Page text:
While there are as many reasons for why kids quit as there are those who make that choice, most fit into three broad categories.  There are those who are behind in credits, don’t see the value in continuing, or simply would rather get a job, Vernon said.
While looking for additional patterns, one common theme became quickly apparent.  The decision to drop out came around the time the student turned 16 years old, the age a student can leave school with parental permission.  
“Leavers” is an important distinction, Vernon said.  
“Some students think they can get their credits and diploma at BCA,” he said.  “Nine did that this year.  If they finish, they get a diploma from Great Bend High School through BCA.”  However, some will go to BCA, and then reenter GBHS.  
Three special education students withdrew this year.  Two were 18 years old, and simply quit.  The other, a 16-year old, re-enrolled at BCA.
Seven students that dropped out in this past year went on to get their GED.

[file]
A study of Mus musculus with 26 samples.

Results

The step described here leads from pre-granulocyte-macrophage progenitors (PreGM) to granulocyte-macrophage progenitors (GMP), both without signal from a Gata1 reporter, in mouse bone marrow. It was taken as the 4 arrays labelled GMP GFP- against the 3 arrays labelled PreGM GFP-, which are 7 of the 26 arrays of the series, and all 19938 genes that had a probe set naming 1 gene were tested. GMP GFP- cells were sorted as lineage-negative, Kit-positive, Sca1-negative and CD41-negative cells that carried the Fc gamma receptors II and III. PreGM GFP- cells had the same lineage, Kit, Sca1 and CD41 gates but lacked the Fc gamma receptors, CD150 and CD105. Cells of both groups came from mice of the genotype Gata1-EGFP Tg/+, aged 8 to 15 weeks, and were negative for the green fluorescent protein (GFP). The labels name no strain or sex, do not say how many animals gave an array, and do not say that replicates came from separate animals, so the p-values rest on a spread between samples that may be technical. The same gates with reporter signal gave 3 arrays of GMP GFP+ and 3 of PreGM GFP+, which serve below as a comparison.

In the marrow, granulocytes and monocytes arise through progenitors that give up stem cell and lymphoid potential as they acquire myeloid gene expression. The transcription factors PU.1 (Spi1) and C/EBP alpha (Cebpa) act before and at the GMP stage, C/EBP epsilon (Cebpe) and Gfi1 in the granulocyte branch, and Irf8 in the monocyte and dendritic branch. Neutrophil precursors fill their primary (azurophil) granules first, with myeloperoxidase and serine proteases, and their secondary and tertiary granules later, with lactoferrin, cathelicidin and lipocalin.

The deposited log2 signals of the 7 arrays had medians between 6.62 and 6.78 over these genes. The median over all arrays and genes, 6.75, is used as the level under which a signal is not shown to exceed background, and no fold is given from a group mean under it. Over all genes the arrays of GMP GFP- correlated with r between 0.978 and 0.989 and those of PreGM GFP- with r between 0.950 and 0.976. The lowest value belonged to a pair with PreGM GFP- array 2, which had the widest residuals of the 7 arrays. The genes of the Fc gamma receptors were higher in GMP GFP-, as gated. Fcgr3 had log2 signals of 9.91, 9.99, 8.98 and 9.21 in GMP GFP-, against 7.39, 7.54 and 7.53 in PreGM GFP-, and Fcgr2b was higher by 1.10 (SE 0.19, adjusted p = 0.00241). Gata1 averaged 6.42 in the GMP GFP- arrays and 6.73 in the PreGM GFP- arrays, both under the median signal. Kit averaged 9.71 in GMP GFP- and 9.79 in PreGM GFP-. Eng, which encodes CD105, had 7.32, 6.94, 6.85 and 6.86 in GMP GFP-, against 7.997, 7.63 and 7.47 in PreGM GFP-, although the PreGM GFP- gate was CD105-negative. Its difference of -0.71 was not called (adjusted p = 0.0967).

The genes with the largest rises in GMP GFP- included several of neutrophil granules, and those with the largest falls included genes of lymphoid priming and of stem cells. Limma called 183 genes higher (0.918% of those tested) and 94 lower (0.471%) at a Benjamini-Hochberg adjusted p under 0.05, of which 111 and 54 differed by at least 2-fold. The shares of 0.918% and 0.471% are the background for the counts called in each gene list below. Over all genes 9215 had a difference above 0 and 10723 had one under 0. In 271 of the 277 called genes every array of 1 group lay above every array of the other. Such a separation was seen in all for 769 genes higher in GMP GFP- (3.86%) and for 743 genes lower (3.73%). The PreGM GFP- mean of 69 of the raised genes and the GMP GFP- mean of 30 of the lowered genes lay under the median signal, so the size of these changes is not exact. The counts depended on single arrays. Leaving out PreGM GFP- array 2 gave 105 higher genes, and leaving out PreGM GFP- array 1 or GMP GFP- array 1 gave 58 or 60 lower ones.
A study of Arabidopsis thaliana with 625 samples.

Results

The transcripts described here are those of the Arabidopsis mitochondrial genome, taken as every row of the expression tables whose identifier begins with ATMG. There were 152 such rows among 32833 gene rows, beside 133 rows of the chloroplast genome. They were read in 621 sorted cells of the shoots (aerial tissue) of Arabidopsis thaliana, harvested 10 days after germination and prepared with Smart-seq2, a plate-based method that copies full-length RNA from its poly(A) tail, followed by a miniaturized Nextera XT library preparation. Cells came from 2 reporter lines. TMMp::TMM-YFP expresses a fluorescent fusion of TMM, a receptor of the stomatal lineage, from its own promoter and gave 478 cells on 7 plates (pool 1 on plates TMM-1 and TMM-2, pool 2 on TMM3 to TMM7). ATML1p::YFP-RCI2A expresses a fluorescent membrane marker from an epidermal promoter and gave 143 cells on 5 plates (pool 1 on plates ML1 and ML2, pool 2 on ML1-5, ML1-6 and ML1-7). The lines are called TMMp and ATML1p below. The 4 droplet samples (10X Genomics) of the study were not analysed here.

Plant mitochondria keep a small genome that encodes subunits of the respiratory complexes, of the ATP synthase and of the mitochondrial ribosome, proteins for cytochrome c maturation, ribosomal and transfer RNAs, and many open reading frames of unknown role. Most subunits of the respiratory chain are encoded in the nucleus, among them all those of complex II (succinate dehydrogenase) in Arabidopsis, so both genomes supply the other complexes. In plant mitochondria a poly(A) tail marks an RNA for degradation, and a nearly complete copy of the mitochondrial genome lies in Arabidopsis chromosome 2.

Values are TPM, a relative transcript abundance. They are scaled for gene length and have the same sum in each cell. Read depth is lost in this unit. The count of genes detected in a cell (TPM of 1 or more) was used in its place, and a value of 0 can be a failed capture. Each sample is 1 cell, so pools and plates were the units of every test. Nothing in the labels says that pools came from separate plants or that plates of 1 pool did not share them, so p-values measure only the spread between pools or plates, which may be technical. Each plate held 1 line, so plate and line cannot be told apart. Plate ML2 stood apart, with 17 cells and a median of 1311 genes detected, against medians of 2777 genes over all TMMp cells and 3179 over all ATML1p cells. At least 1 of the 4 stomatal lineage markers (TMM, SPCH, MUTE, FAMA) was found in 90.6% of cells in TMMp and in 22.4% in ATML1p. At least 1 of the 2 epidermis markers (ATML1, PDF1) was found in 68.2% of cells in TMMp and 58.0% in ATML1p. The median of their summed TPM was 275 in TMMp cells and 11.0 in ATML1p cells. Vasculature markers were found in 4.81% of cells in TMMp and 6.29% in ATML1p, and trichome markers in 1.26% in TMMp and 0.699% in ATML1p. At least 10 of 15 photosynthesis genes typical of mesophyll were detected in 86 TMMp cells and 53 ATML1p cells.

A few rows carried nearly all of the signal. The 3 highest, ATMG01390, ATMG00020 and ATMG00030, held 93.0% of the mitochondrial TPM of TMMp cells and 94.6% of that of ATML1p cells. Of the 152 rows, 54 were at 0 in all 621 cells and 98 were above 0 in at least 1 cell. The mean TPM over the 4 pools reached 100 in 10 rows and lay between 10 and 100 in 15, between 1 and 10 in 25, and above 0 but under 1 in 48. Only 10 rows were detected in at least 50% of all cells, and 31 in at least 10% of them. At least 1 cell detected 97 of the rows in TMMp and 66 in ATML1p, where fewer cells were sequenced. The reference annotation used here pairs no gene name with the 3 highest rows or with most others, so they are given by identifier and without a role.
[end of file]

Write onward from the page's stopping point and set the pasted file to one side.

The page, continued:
Eight of the students were expelled this year.  They are counted as dropouts.  
“If we expel them, generally no other school will take them,” he said. “Usually, they are done. They can go to BCA, but many don’t.”  Expelled student can re-enroll the following year, he added.  
Some students just quit, Vernon said.  Some of these are runaways as well.  Sometimes, the district does not know what happened because they are unable to make contact with parents or guardians.  Thankfully, there were none that fell into this category this year, he said.    
“There’s not a kid that simply drops out that doesn’t get a meeting with the principal to see what they are losing and giving up before parents give permission,” he said.  “If you drop out at 16, and decide to come back at 17, you can.”  These students sometimes drop out again, and Vernon counts it again.  “We don’t give up on a kid.”